Boxers or briefs? It's a question faced by every man buying underwear, but it's also the subject of a new study that concludes boxers are indeed the best option – at least as far as higher sperm concentrations go.
Not only were sperm concentrations higher in the boxer-wearing men in the research, but levels of the sperm-producing follicle-stimulating hormone (FSH) were lower, suggesting FSH kicks into gear to compensate for damage done by tight-fitting underwear, which may be creating a toasty environment that kills off sperm.
While we've seen studies like this before, the new research includes a higher-than-usual number of participants (656), and looks at a variety of different aspects of sperm quality. That makes it a useful barometer of how underwear choice affects fertility in men, according to the team behind it.
"An important strength of this study is that we were able to investigate the potential relationship between the type of underwear worn and indicators of testicular function such as reproductive hormone levels and DNA damage," says one of the researchers, Lidia Mínguez-Alarcón from the Harvard T.H. Chan School of Public Health in Boston.
Out of the 656 men who took part, 345 or 53 percent reported wearing boxer shorts most of the time. On average, these men had a 25 percent higher sperm concentration, 17 percent higher total sperm count, 33 percent more swimming sperm in a single ejaculate, and 14 percent lower FSH levels than the other men.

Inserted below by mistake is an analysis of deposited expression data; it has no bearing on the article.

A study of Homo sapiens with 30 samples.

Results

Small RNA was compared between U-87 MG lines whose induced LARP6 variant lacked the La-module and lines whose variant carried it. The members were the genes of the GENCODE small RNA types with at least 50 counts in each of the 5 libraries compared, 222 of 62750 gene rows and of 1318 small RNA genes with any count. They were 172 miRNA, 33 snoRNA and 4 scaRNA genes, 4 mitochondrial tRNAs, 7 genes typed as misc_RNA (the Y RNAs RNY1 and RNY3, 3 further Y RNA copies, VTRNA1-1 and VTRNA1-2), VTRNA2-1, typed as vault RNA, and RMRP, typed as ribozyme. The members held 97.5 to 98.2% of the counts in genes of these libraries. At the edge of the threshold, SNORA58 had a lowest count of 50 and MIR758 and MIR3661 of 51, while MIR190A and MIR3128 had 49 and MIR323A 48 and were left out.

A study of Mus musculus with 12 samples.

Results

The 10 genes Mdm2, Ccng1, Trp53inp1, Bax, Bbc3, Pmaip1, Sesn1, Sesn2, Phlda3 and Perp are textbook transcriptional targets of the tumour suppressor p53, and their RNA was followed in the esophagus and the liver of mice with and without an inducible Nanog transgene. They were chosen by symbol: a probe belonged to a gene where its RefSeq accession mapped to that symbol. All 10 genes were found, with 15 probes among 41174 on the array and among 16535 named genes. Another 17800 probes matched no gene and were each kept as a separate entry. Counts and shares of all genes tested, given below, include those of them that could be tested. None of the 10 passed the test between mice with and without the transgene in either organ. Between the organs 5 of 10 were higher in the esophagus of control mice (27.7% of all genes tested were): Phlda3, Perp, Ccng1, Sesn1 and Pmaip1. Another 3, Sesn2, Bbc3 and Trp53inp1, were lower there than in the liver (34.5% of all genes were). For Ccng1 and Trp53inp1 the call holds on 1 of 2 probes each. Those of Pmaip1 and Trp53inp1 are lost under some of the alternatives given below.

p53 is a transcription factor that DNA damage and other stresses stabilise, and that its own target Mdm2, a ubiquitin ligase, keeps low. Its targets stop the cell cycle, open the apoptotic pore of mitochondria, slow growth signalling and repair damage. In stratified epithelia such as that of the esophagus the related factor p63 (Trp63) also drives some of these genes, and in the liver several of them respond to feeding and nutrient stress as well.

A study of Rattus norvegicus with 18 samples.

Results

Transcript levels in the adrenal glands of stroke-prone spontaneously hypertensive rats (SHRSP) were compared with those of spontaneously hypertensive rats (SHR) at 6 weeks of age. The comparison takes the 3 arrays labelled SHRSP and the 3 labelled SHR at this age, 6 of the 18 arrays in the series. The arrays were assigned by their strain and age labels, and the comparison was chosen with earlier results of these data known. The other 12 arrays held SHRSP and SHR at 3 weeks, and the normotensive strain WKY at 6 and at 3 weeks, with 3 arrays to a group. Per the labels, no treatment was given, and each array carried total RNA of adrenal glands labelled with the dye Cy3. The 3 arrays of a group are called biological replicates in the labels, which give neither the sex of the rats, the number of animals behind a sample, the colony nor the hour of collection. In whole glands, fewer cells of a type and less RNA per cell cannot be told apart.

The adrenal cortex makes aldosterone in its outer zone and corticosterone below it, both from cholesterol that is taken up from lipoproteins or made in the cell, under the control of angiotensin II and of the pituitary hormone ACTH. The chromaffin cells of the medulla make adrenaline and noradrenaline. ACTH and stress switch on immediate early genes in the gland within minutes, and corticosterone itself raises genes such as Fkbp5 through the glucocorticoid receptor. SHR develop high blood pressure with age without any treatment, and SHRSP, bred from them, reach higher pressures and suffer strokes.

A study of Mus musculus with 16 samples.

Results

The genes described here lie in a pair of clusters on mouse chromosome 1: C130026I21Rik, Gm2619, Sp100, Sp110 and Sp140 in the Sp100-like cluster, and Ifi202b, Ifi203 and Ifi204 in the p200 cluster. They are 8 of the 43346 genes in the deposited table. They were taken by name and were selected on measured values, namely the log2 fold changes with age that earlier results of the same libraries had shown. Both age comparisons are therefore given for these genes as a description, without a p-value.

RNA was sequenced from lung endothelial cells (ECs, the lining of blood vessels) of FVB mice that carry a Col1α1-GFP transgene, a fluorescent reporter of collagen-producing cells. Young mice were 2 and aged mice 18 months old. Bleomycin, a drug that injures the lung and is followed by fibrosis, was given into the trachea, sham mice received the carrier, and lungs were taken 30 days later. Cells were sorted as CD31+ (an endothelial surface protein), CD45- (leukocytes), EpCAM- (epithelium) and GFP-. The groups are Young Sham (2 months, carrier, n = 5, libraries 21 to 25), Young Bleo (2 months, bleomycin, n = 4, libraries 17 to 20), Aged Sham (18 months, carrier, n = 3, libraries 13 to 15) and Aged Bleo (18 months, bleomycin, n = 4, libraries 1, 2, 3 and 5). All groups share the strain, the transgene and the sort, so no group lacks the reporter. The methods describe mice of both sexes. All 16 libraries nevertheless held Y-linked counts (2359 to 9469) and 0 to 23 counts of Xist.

That's compared to men who wore briefs, 'bikinis' (very brief briefs), 'jockeys' (underwear that finishes just above the knee), and other restrictive underwear. Terms in your part of the world may vary, of course.
According to the scientists, when the heat generated by tight-fitting underwear causes sperm levels to drop, the brain releases the gonadotropin hormone to compensate, which is reflected by the increased levels of FSH. For now though, that's just a hypothesis.
We'll need further research to find out for sure. While a link between higher scrotal temperatures and decreased sperm count is now well established, what's less clear is how much effect underwear has.
The statistics were weighted to account for other factors, including body mass index, physical activity, and even how many hot baths each individual took.
No statistically significant differences were found in other reproductive hormones or in the damage to the DNA of the sperm.
One of the limitations of the study to bear in mind is that the participants were all attending a fertility centre, rather than being drawn from the general population.
There might also be extra factors involved – like tight-fitting jeans – that the study doesn't account for. As a result it's too soon to say that more restrictive underwear is actually the cause of lower sperm concentrations.
Nevertheless, with the relatively high sample size and the range of types of analysis done, it's solid evidence that there's a link here somewhere. While we wait for further research, you might want take it into consideration the next time you (or your significant other) is buying underwear.
"Since men can modify the type of underwear they choose to wear, these results may be useful to improve men's testicular function," says Mínguez-Alarcón.
The research has been published in Human Reproduction.